In the previous article we described the important distinction between being Buddhist and being Buddha. Being Buddhist should not be a burden, far from it. As the title of the web site suggests, being Buddhist should be a spiritual path of happiness and joy.
To the different preferences of the practitioner, Buddhist practice can take many forms, including:
- Reciting mantras.
- Reciting formal prayers or sutras.
- Circumambulating stupas or statues.
- Pilgrimage to historical Buddhist places: where the Buddha taught such as Bodhgaya, where Buddhism flourish such as Nalanda University, where Tibetan Buddhism flourishes such as Dharamsala (India) or Kathmandu (Nepal), or other places of significance in Buddhism.
- Receive teachings through talks, reading, or listening / watching to recordings.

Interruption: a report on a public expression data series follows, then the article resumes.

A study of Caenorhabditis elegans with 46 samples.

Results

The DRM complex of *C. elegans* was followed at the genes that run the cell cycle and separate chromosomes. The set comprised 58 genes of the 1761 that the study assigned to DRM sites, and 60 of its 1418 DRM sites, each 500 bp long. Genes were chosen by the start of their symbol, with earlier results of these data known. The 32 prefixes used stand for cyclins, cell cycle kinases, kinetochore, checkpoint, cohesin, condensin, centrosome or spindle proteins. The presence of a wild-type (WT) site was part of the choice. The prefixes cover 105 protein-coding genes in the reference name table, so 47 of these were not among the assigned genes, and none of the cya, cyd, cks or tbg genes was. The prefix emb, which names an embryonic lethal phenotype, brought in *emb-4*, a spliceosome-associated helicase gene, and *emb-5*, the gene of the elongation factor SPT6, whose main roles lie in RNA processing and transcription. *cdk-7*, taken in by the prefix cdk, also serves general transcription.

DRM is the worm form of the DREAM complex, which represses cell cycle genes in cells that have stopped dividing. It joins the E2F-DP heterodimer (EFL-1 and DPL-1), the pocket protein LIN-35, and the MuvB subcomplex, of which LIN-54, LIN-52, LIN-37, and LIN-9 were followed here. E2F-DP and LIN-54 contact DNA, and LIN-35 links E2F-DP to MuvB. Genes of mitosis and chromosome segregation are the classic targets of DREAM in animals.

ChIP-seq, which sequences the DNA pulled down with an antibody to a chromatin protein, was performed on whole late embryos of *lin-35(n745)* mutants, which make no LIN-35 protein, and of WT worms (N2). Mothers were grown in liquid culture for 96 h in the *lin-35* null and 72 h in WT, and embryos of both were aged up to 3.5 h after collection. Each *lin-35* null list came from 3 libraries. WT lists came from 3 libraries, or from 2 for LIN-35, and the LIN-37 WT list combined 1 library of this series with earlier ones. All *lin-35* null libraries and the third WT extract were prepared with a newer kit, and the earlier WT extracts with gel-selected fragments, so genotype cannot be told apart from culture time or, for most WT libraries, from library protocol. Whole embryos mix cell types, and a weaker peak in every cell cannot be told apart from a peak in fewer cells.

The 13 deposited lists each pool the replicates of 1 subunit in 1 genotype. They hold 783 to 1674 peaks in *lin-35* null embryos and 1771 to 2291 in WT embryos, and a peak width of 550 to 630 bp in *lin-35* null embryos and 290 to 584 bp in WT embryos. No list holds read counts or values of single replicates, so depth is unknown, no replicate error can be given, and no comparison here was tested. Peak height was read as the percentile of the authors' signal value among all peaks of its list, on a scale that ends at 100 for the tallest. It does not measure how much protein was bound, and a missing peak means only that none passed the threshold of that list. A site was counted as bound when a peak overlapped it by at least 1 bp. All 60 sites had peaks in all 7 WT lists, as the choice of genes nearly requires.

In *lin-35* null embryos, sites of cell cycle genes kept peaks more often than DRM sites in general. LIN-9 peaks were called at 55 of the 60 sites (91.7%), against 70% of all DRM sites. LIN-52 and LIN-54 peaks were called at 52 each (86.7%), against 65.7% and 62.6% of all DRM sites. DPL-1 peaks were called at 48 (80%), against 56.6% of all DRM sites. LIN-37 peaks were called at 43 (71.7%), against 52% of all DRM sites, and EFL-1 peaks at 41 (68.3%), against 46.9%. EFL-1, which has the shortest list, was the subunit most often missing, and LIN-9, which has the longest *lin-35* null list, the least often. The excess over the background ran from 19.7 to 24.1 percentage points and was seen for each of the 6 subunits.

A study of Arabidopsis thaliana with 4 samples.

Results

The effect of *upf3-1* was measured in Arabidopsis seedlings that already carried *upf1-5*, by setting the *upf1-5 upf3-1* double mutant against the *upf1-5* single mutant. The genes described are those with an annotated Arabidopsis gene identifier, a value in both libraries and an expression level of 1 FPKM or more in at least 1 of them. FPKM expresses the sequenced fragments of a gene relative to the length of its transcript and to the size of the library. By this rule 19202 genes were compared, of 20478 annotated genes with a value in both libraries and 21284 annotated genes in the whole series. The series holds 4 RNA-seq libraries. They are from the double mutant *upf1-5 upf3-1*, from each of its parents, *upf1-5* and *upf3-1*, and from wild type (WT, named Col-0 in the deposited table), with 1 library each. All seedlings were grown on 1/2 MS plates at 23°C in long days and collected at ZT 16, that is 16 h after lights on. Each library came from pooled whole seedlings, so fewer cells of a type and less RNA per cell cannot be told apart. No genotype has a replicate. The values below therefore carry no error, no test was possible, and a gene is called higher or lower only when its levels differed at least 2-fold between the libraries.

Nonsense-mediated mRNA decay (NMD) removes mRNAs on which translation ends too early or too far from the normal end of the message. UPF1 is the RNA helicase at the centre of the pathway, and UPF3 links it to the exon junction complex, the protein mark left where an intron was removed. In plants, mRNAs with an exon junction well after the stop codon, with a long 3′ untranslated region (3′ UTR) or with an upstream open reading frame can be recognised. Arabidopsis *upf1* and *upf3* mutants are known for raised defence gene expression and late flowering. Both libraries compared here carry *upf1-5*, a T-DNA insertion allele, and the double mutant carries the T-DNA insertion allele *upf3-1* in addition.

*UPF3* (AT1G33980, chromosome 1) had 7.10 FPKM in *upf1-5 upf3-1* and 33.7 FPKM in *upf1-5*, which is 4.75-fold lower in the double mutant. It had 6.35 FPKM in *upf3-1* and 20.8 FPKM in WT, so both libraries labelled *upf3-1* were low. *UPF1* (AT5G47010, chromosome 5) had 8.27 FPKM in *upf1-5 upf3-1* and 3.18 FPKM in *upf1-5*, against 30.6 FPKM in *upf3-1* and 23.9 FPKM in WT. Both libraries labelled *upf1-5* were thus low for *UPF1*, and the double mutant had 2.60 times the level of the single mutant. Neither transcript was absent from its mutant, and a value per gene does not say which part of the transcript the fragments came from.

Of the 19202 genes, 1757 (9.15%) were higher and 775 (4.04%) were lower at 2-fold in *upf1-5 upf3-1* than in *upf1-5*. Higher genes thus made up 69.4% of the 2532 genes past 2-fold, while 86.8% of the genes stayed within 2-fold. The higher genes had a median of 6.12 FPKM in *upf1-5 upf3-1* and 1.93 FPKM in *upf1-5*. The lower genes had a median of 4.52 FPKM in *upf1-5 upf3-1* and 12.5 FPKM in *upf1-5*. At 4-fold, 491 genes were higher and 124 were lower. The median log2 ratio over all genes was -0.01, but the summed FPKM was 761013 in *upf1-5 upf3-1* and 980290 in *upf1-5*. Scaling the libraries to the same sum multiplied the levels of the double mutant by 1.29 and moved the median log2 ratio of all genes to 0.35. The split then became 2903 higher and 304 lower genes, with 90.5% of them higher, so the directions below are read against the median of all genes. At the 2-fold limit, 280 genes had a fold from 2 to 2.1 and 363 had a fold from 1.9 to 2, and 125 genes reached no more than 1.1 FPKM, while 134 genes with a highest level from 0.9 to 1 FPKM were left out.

- Retreat in a group or go it alone in solitary retreat.
- Debate or deep study.
- Committing to the vows of a lay practitioner.
- Committing to the vows of a nun or monk.
- Offering service to other people, giving your time and skills to help others in practical hands-on ways.
- Practice in a way that is suitable to you.
The point is that there is a broad selection of practices available to ensure that Buddhism is a fun experience, no matter your predisposition or preferences.
The real practice is what you do each day, with a pure, positive motivation to perform each action to benefit every other being that you come into contact with. For example, a day at work could involve practicing patience with an angry customer on the phone or making somebody a cup of tea. In this way, every activity becomes a Buddhist practice with the right motivation for the happiness of all beings.